July 25, 2023
By Mark Sawicki, Director
The original purpose of the Surplus Land Act (“SLA”) was to provide affordable housing developers with notification and opportunity to acquire land from cities and districts where the local agency had no use for the land. Three years ago, the SLA was amended to restrict the definition of “agency use” so that cities could no longer dispose of property for office, retail, or entertainment use, nor for the purpose of investment or revenue generation for the city. In other words, SLA now makes it very difficult for local agencies to acquire and dispose of land for economic development purposes, even though this activity is authorized elsewhere in the Government Code. Whereas government officials once promoted jobs, jobs, jobs, understandably the mantra is now housing, housing, housing. We believe successful community development should promote both, and that more housing is needed for all income levels.
The SLA was also amended to create categories for “exempt surplus land” that includes disposition for specific thresholds of affordable housing. It set up very specific processes for agencies to follow for all dispositions (including “exempt surplus”) under the oversight of the California Housing and Community Development Department (“HCD”), which has issued further rules and guidelines for cities to follow. While these restrictions and oversight are intended to create greater opportunities for affordable housing developers to acquire land from cities, in our experience these changes have led to burdensome delays and uncertainty. In one case, a housing authority borrowed funds to acquire surplus property in 2020 from another public agency for affordable housing, only to have to go through the entire SLA process again when they were ready to initiate the disposition and development process. Today, the site remains unsold due to environmental and development feasibility issues that could have been addressed sooner had it not been for the SLA process holding it up. In another case, a city purchased more than two dozen acres of land for a mixed-use community amenity. However, the amended SLA does not provide a pathway for selling and developing parcels over time for any use that does not include affordable housing.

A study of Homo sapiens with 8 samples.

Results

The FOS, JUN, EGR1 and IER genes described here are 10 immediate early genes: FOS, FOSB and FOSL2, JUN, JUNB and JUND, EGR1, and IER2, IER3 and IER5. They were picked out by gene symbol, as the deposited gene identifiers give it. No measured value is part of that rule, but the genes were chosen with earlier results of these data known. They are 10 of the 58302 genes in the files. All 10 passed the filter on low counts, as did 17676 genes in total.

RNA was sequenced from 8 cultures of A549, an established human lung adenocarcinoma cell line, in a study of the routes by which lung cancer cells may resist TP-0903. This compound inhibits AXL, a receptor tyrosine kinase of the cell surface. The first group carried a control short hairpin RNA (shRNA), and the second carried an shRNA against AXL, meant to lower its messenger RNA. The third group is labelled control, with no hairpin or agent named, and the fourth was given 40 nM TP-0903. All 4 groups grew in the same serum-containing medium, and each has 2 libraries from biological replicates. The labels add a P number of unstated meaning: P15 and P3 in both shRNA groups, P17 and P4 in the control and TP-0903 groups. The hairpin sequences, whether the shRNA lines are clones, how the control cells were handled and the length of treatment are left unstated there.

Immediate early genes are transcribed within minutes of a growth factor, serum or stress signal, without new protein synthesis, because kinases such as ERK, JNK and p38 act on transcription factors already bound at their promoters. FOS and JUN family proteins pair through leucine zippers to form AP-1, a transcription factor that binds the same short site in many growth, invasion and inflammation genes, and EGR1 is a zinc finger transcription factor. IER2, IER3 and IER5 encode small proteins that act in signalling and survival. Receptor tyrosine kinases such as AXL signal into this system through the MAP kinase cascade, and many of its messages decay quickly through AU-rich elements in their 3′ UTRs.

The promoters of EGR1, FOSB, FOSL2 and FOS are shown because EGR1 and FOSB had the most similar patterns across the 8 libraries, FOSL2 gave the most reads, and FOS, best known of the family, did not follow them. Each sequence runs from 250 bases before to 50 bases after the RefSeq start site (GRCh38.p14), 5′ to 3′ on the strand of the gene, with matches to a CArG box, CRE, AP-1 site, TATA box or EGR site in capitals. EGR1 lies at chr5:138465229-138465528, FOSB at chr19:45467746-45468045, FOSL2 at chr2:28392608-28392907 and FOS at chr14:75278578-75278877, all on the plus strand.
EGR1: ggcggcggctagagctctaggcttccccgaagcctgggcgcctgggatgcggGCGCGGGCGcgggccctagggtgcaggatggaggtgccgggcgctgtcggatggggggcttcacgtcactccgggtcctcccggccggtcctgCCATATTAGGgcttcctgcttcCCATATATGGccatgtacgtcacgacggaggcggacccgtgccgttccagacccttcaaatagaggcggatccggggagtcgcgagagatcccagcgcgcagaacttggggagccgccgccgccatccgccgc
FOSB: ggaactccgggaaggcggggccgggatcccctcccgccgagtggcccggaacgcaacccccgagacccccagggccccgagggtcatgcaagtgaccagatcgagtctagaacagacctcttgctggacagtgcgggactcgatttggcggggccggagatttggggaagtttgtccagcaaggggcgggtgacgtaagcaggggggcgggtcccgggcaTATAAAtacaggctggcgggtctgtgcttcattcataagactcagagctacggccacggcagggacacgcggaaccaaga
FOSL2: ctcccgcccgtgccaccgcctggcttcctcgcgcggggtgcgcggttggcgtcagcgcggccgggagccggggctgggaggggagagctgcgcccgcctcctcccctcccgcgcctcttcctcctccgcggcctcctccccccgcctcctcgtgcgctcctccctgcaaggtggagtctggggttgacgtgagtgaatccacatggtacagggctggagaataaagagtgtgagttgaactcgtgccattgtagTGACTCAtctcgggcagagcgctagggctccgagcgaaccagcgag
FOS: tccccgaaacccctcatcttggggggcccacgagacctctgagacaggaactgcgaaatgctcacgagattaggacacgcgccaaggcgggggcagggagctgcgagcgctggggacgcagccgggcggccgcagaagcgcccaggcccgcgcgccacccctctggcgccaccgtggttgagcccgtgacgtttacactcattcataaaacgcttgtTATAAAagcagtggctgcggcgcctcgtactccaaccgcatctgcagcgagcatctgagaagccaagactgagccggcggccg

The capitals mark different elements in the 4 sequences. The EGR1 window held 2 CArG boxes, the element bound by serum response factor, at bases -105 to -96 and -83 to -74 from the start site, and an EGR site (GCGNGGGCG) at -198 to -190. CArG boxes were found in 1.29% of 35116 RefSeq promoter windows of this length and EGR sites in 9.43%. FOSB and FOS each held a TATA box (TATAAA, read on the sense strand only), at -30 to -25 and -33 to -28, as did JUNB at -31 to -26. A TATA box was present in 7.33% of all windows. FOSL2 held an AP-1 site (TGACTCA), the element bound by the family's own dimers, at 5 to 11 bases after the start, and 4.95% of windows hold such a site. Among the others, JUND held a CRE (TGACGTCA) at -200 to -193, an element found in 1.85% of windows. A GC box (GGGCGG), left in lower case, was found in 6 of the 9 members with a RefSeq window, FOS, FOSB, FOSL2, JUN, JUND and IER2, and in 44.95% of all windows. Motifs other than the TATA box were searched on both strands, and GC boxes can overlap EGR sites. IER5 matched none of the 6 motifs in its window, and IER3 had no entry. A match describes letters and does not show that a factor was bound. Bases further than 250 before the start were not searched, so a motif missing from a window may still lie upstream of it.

We have found that although agencies do have the ability to acquire property for housing, many of our clients are increasingly reluctant to do so, citing the slow, unnecessarily restrictive process, as well as the uncertain outcome whereby HCD must evaluate and approve an exemption or designation. It is unfortunate that cities with the opportunity and ability to acquire land and reposition it for economic and community development purposes are seemingly prohibited from doing so. How far we have come from the era of redevelopment in California!
This struggle over the legitimate use of land acquired and sold by local agencies can be seen in two bills in the current Legislative session: AB 480 (Ting) would add further restrictions to the SLA, including requiring covenants for affordable housing on any land sold by a local agency; and SB 747 (Caballero) which seeks to preserve a pathway for economic development land uses, at least for special districts focused on investment in community revitalization.
If you have questions or want to learn more, please contact Jim Simon, RSG Principal, at [email protected].